Howard Marks put it nicely when he said that, rather than worrying about share price volatility, 'The possibility of permanent loss is the risk I worry about... and every practical investor I know worries about.' It's only natural to consider a company's balance sheet when you examine how risky it is, since debt is often involved when a business collapses. We can see that Shikun & Binui Ltd. (TLV:SKBN) does use debt in its business. But the real question is whether this debt is making the company risky.
Why Does Debt Bring Risk?
Debt assists a business until the business has trouble paying it off, either with new capital or with free cash flow. In the worst case scenario, a company can go bankrupt if it cannot pay its creditors. However, a more common (but still painful) scenario is that it has to raise new equity capital at a low price, thus permanently diluting shareholders. By replacing dilution, though, debt can be an extremely good tool for businesses that need capital to invest in growth at high rates of return. The first thing to do when considering how much debt a business uses is to look at its cash and debt together.
What Is Shikun & Binui's Net Debt?
You can click the graphic below for the historical numbers, but it shows that as of December 2021 Shikun & Binui had ₪11.0b of debt, an increase on ₪9.36b, over one year. On the flip side, it has ₪2.81b in cash leading to net debt of about ₪8.18b.
A Look At Shikun & Binui's Liabilities
According to the last reported balance sheet, Shikun & Binui had liabilities of ₪6.67b due within 12 months, and liabilities of ₪9.23b due beyond 12 months. Offsetting these obligations, it had cash of ₪2.81b as well as receivables valued at ₪3.08b due within 12 months. So its liabilities total ₪10.0b more than the combination of its cash and short-term receivables.
Given this deficit is actually higher than the company's market capitalization of ₪7.71b, we think shareholders really should watch Shikun & Binui's debt levels, like a parent watching their child ride a bike for the first time. In the scenario where the company had to clean up its balance sheet quickly, it seems likely shareholders would suffer extensive dilution.
We measure a company's debt load relative to its earnings power by looking at its net debt divided by its earnings before interest, tax, depreciation, and amortization (EBITDA) and by calculating how easily its earnings before interest and tax (EBIT) cover its interest expense (interest cover). This way, we consider both the absolute quantum of the debt, as well as the interest rates paid on it.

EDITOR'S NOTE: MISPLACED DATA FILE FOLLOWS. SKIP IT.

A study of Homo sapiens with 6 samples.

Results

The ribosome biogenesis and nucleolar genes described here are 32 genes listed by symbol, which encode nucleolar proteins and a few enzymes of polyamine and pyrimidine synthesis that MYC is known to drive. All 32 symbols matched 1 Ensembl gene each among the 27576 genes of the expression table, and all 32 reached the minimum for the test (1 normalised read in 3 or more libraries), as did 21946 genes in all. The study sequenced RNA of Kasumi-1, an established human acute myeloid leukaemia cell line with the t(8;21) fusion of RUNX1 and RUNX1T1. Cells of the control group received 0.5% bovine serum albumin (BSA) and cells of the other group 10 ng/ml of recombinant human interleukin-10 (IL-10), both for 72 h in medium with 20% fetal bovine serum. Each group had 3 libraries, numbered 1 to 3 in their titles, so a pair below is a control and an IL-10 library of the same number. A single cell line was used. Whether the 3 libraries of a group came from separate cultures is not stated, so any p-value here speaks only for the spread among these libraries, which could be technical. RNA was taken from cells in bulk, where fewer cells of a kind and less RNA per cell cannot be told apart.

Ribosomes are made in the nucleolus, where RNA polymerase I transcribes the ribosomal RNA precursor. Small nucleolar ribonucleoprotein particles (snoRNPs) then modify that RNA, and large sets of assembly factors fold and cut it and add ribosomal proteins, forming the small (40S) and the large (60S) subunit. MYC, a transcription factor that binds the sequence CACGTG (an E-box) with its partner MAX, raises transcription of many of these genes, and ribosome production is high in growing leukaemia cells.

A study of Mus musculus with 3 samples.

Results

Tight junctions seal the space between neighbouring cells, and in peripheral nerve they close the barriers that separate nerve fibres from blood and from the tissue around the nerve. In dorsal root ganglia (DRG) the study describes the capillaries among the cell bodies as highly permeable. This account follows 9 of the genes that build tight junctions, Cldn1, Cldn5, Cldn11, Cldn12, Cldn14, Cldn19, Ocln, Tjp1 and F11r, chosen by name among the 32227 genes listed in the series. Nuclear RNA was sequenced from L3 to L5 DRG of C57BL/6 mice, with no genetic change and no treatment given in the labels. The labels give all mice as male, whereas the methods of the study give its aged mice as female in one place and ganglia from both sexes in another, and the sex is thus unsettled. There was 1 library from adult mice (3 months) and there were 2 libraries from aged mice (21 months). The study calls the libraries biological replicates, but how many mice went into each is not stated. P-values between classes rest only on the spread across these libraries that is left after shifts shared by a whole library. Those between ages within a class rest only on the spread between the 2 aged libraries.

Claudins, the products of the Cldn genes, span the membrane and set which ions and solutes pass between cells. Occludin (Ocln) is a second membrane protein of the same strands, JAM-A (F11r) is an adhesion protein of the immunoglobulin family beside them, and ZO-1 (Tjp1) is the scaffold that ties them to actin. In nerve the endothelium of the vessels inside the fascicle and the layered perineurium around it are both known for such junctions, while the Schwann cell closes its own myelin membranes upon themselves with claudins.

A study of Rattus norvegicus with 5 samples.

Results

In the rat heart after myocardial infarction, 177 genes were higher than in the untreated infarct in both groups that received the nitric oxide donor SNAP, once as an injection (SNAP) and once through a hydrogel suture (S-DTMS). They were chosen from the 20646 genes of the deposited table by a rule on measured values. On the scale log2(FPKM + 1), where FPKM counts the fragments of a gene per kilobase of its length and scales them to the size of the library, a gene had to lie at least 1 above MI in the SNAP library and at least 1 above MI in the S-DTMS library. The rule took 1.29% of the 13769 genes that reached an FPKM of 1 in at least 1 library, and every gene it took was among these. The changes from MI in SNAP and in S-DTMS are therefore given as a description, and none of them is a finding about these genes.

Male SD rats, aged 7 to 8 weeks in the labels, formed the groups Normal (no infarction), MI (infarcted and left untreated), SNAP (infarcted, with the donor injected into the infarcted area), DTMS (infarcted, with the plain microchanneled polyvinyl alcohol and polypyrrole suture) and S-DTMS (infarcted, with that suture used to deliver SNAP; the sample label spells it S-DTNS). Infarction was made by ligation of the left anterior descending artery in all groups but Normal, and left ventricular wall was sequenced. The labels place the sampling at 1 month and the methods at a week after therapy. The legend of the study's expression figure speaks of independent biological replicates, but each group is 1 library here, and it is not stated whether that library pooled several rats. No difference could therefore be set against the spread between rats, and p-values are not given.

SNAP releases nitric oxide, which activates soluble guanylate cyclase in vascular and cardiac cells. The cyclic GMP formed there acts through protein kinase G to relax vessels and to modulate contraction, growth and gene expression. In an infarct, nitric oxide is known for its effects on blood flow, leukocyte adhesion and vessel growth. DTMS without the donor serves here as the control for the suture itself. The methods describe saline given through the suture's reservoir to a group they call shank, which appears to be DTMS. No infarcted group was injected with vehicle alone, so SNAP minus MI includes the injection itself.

Shikun & Binui shareholders face the double whammy of a high net debt to EBITDA ratio (10.6), and fairly weak interest coverage, since EBIT is just 1.6 times the interest expense. This means we'd consider it to have a heavy debt load. More concerning, Shikun & Binui saw its EBIT drop by 8.1% in the last twelve months. If that earnings trend continues the company will face an uphill battle to pay off its debt. The balance sheet is clearly the area to focus on when you are analysing debt. But it is Shikun & Binui's earnings that will influence how the balance sheet holds up in the future. So if you're keen to discover more about its earnings, it might be worth checking out this graph of its long term earnings trend.
Finally, while the tax-man may adore accounting profits, lenders only accept cold hard cash. So we clearly need to look at whether that EBIT is leading to corresponding free cash flow. Considering the last three years, Shikun & Binui actually recorded a cash outflow, overall. Debt is usually more expensive, and almost always more risky in the hands of a company with negative free cash flow. Shareholders ought to hope for an improvement.
On the face of it, Shikun & Binui's interest cover left us tentative about the stock, and its net debt to EBITDA was no more enticing than the one empty restaurant on the busiest night of the year. And even its level of total liabilities fails to inspire much confidence. After considering the datapoints discussed, we think Shikun & Binui has too much debt. That sort of riskiness is ok for some, but it certainly doesn't float our boat. When analysing debt levels, the balance sheet is the obvious place to start. But ultimately, every company can contain risks that exist outside of the balance sheet. For instance, we've identified 4 warning signs for Shikun & Binui (2 don't sit too well with us) you should be aware of.
At the end of the day, it's often better to focus on companies that are free from net debt. You can access our special list of such companies (all with a track record of profit growth). It's free.